Defining the correct employment status of someone who works for you has become increasingly complicated but also increasingly important. Most farming businesses that employ people do so in a number of different ways - direct employees, contractors, and casual workers - and failure to correctly categorise the nature of the employment relationship could expose you to a challenge that could end up in an employment tribunal.
If one of your workers claims that under employment legislation they are entitled to more rights than they are receiving (such as statutory sick pay or statutory redundancy pay), any investigation would hinge on the facts and not necessarily what you may have agreed. There is also an additional risk of an investigation by HMRC if you’ve categorised someone’s employment status incorrectly as the tax treatment of self-employed workers is different to employees and workers.
Defining employment status
The breadth of employment protection rights has increased substantially over the years but not all are available to all workers (confusingly, an employee can be a worker but not vice versa). For the purpose of employment law there are three status categories: employee, worker, and self-employed. Employees have the highest level of employment protection whereas the self-employed have very few. Given the seasonal nature of much farming work, you may employ various casual workers either for a specific period or on a zero-hours contract, calling on them as and when needed. In these cases, the line can become very blurred between ‘worker’ and ‘self-employed’, with the former being able to claim employment protections not available to the latter.
Employed: An employee is someone whose hours, place of work and workload are controlled by you. You are obliged to provide them with work and determine how it should be done and they, in return, are obliged to carry it out. They do not have the right to substitute someone else to do their work, and they do not provide their own equipment. In return, they enjoy comprehensive employment protection rights, such as statutory minimum notice, the right to request flexible working (currently after 26 weeks’ service) and being able to claim unfair dismissal after two years’ continuous service. Employees also have the right to parental leave and pay, parental bereavement leave and pay, time off for dependants and public duties, as well as protection against dismissal or suffering detriment if they are taking action over a health and safety issue.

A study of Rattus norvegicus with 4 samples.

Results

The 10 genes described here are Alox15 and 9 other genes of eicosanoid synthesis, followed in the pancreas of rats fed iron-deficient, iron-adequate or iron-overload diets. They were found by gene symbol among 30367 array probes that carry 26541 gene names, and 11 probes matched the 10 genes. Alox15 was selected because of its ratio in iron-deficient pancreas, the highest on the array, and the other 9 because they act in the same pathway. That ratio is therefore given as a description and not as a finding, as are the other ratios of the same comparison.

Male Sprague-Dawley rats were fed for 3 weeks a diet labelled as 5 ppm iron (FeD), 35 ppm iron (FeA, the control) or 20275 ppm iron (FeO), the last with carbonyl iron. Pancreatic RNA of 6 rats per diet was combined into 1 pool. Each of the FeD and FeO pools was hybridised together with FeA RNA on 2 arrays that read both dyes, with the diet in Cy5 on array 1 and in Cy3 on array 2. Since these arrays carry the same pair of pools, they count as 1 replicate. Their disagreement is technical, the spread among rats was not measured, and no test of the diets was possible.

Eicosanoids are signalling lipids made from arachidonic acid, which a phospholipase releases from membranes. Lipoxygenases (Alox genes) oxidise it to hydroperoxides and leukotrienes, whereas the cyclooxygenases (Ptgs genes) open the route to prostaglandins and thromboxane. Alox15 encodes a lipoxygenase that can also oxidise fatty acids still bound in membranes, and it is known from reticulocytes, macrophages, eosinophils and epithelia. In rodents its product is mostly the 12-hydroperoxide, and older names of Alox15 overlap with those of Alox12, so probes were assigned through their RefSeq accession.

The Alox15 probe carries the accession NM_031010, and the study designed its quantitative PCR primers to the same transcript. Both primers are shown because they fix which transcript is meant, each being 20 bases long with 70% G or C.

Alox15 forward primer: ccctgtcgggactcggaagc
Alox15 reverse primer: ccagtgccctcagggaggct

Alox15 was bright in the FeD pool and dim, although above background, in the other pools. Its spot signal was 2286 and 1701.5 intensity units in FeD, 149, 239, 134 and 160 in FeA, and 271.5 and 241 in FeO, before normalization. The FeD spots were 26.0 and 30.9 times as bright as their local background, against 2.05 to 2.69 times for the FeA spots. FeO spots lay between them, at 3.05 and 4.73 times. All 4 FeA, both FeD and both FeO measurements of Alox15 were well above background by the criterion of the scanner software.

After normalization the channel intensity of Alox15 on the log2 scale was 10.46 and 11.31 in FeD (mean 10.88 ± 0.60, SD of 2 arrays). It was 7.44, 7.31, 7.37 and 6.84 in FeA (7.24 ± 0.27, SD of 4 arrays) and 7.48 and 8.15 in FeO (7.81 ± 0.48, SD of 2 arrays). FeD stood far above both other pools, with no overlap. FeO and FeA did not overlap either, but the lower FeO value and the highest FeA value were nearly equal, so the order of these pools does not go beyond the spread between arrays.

Worker: A worker is a rather more ambiguous term, floating as it does between employed and self-employed status. It is worth noting that the term “worker” could include agency workers, freelance workers and also zero-hours contract workers. Casual workers will probably fall into this category as their hours are likely to be irregular and they are not obliged to accept work offered (likewise, you are not required to offer work). However, when they are working for you, you do have control over their workload, and they cannot substitute anyone else to carry out the work they have agreed to do themselves. Although they have significantly fewer employment rights than employees, they retain the right to paid holidays, the national minimum wage, and protection against unlawful discrimination. However, unlike employees, they do not have the right to sick leave and maternity or other types of parental leave (however they may be entitled to Statutory Sick Pay (SSP) and maternity, paternity and adoption pay).
Self-employed: Self-employed workers, such as the owner of a company or a freelancer, set their own work schedules and negotiate their own rates of pay with you, invoicing you for work done rather than receiving a wage. They have the right to substitute someone else if they are unavailable, provide their own equipment, and are free to work for other people. Individual contractors undertaking time-limited projects, such as harvesting, usually fall into this category. They are also responsible for paying their own tax and NICs and have limited employment rights (such as the right not to suffer discrimination).
Avoiding a claim
It is your responsibility as an employer to determine the employment status of your workers and it can be expensive if you get it wrong. There have been several court cases in the last few years, primarily concerned with the rights of workers operating in the gig economy, and the upshot of the majority has been a strengthening of protections for workers. The government has issued guidance on the matter which can be found on the gov.uk website but if you are in any doubt, we would be happy to advise you. This is definitely a case of a ‘stitch in time saves nine’.